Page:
Unicef water pledge wins mass on-trade support

Hannah Oakman10 Apr 2008 (Updated 1 Feb 2009)

More than 2,000 food and beverage outlets across the US have joined the Tap Project to help Unicef provide clean water to children around the world.

More than 2,000 food and beverage outlets across the US have joined the Tap Project to help UNICEF provide clean water to children around the world.

The grassroots initiative - which invites individuals to donate US$1, or more, for the tap water they normally get for free at participating restaurants - was recently launched by UNICEF Ambassadors Lucy Liu and Marcus Samuelsson at an event hosted by Esquire Magazine in New York.

"This week tap water is the toast of New York City and almost two dozen other cities as Americans raise their glasses to help save children's lives," said Lucy Liu. Fresh from a trip to Cote d'Ivoire to see first hand the threat to child survival caused by the lack of access to clean drinking water, Lucy said a little can go a long way to provide children with what they need to survive.

Thousands of New Yorkers and 300 restaurants took part in the first Tap Project on 22 March 2007, raising over $100,000. This year, the US Fund for UNICEF is engaging communities by mobilising volunteers nationwide with the goal of raising awareness of the Tap Project and recruiting restaurants to participate in the initiative. So far, more than 1,900 volunteers have signed up to recruit restaurants and promote the Tap Project.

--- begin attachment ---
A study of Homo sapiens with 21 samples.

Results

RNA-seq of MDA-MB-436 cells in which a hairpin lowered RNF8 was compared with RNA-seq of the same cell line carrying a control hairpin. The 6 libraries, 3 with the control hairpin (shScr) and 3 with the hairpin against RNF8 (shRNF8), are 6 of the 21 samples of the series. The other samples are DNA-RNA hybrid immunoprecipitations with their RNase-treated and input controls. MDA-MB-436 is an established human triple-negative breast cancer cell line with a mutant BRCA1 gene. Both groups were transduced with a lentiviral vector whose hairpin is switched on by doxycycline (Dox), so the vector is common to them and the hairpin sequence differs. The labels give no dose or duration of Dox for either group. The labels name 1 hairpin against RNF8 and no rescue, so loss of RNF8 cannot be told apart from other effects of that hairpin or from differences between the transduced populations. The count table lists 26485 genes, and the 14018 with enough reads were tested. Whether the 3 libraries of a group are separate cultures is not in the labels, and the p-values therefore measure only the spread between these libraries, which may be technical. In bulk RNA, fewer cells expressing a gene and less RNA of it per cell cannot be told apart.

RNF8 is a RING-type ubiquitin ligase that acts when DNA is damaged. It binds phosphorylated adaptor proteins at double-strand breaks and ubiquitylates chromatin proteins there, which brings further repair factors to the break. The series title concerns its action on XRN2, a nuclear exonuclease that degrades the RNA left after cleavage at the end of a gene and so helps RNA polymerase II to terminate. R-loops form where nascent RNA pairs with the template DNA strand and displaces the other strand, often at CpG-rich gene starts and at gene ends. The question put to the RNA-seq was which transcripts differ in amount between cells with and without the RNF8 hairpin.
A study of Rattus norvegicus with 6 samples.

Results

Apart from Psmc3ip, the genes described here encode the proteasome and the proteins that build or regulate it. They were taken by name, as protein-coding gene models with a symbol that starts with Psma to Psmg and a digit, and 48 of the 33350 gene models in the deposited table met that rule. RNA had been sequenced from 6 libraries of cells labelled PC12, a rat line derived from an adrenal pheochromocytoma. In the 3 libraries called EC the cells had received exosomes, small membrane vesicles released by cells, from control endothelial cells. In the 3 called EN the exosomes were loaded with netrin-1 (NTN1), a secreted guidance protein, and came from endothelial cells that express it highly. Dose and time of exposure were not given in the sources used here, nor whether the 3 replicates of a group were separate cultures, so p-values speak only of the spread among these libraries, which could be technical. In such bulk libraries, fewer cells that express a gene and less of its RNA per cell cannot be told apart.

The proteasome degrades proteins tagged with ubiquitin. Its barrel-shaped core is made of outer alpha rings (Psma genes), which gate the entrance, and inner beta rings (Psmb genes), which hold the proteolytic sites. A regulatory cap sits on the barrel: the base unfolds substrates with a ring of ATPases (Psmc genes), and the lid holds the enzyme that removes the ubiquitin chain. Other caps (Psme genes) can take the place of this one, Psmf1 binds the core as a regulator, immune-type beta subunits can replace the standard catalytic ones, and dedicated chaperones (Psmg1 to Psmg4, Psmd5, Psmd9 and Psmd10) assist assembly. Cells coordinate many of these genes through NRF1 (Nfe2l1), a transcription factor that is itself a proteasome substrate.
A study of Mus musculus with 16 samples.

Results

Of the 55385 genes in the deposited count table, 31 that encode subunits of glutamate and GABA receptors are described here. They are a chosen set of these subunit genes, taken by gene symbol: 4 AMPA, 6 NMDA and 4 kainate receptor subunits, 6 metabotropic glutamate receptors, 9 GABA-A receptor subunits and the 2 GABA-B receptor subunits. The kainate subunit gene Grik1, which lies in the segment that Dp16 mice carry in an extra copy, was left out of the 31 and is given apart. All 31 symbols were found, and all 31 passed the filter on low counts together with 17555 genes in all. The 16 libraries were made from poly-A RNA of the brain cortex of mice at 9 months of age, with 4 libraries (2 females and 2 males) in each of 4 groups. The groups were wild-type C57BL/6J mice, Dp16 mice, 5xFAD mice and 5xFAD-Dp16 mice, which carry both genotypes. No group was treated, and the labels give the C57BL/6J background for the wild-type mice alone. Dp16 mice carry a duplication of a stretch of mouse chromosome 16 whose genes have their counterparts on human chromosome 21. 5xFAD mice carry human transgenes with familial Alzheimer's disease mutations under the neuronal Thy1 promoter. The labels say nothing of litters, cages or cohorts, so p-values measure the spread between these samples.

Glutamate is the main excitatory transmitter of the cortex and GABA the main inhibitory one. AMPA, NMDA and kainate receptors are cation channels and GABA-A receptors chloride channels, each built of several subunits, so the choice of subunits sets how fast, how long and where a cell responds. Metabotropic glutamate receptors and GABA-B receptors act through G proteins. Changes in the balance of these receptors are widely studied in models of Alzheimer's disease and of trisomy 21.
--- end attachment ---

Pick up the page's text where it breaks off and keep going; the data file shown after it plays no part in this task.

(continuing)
To date, more than 2,000 restaurants in 39 states have signed on to participate during World Water Week, with a goal to raise US$1 million.

More than one billion people do not have access to clean water or adequate sanitation and one in five of them are children. Eighty percent of all illness and infant mortality is due to waterborne disease. Lack of clean water is the second largest killer of children under five.

UNICEF works in more than 90 countries around the world to improve access to safe water and sanitation facilities in schools and communities, and to promote safe hygiene practices. Over the past 15 years, more than a billion people gained access to improved drinking water and sanitation facilities. UNICEF's goal is to reduce by half the proportion of people without sustainable access to safe water and basic sanitation by 2015.